WA Supreme Court: Seatac Bound by $15 minimum wage; Workers protected from retaliation
This case stems from the City of SeaTac analog to Seattle's minimum wage ordinance. The ordinance sets the minimum wage within SeaTac to $15 per hour (for hospitality and transportation). The Seattle Tacoma International Airport, from which the City gets its name, had argued the ordinance did not apply to it because the airport itself is under the jurisdiction of the Port of Seattle. The trial judge agreed. The judge also determined that federal law on worker retaliation pre-empted state law, which would allow some types of retaliation against workers. So what did the supreme court do?
We hold that Proposition 1 can be enforced at the Seattle-Tacoma International Airport because there is no indication that it will interfere with airport operations. We also hold that federal labor law does not preempt the provision protecting workers from retaliation. We otherwise affirm the trial court and thus uphold Proposition 1 in its entirety.
So where did this stem from, these two arguments. The statute regarding the Port of Seattle's jurisdiction comes from RCW 14.08.330. The statute grants "exclusive jurisdiction and control" to the port, but then talks about things like police jurisdiction and taxes. "[R]eading the statute's two sentences together, it is unclear what the legislature intended to grant the Port of Seattle 'exclusive jurisdiction and control' over." They point out that if you read the sentence talking about specifics, that sentence would be meaningless if the first sentence covered everything. "By saying that municipalities in which airports are located may not charge license fees or occupation taxes, the legislature implied that there are matters that municipalities can regulate."
So you then have to look to what powers The Port has, and they have to be for the purpose of the district: "all needed rules, regulations, and ordinances for the management, government, and use of any properties under [the municipality's] control." The question then becomes whether the SeaTac minimum wage ordinance affects rules that are needed for governing the Airport. General welfare falls outside of that, according to the Court: "Here, Proposition 1 has nothing to do with airport operations or the subject of aeronautics."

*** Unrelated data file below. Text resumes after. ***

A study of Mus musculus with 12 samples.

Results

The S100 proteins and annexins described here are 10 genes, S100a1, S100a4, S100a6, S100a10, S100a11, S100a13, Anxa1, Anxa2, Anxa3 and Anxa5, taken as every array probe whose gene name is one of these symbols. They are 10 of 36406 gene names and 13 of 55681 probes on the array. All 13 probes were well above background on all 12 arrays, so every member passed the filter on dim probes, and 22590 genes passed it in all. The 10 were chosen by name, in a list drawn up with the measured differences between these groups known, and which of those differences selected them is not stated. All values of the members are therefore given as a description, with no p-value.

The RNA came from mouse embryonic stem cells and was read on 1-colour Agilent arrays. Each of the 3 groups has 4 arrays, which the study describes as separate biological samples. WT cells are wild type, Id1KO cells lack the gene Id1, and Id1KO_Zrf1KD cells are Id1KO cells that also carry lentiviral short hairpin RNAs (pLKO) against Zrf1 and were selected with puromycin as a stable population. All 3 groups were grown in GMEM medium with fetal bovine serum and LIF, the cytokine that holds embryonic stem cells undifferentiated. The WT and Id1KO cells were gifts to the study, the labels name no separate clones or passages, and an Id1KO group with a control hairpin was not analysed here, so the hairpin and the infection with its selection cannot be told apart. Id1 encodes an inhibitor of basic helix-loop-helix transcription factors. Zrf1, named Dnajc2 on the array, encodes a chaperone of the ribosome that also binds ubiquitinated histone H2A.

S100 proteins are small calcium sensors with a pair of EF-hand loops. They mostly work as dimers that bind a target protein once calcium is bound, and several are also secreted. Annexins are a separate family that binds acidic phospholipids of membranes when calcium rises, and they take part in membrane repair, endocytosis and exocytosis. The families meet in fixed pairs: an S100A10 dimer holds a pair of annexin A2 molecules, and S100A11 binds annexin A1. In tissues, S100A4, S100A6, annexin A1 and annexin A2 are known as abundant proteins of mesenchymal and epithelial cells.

I tend to disagree a bit on this. The wages of the workers operating in the industry can definitely affect the operation. Just because they don't aren't directly involved in aeronautics does not mean their work does not impact airport operations. Its a bit of a misnomer to claim that there is no intersection between the general welfare of all workers in the city and the wage of certain workers at the airport as it relates to operations. Operations have expenses, one of the largest is the wages of the operational employees.
Perhaps the best argument (and which should have been the lead-off in the analysis) is that the Port still remains subordinate to state laws, including the Washington Minimum Wage Act. The statute itself allows for municipal regulation as to the Port's of the minimum wage and requires those laws still be in full effect. Keep it simple, don't engage in verbal parrying with a steak knife when you have nice piece of ammunition like this. That said, I've never met a court that did not prefer verbal parrying.
Regarding the federal pre-emption and retaliation, the argument was that the National Labor Relations Act and Airline Deregulation Act preempted. The NLRA does not have a pre-emption clause, but has case law creating some preemption. States are prevented from regulating activity the NLRA even arguably protects or prohibits. States also can't regulate in certain areas of the NLRA with regard to the invisible economic hand. The argument was that the wage and protection afforded by the statute were also typically issues found in the collective bargaining agreements. I'll just point out though, that if this were the case, wage could never be left to the States. Similar clauses have already been litigated in this area, however, and rejected the arguments put forth. They also argued that because the clause allowed an opt-out through collective bargaining, it was violative. However, this clause actually seems to comport with the idea that collective bargaining trumps and would place it into the preemption. That's essentially what the Supreme Court of the United States said in 1987:
The fact that the parties are free to devise their own severance pay arrangements, however, strengthens the case that the statute works no intrusion on collective bargaining. . . . If a statute that permits no collective bargaining on a subject escapes NLRA pre-emption, see Metropolitan Life, surely one that permits such bargaining cannot be pre-empted.
The rest of the opinion attempts to pick away at specific pieces of the legislation, to no avail.
It will be interesting to see how this plays out in both Seattle and SeaTac. It will either be a boon to the poverty-stricken and create jobs as Keynesian economics boon or a bust.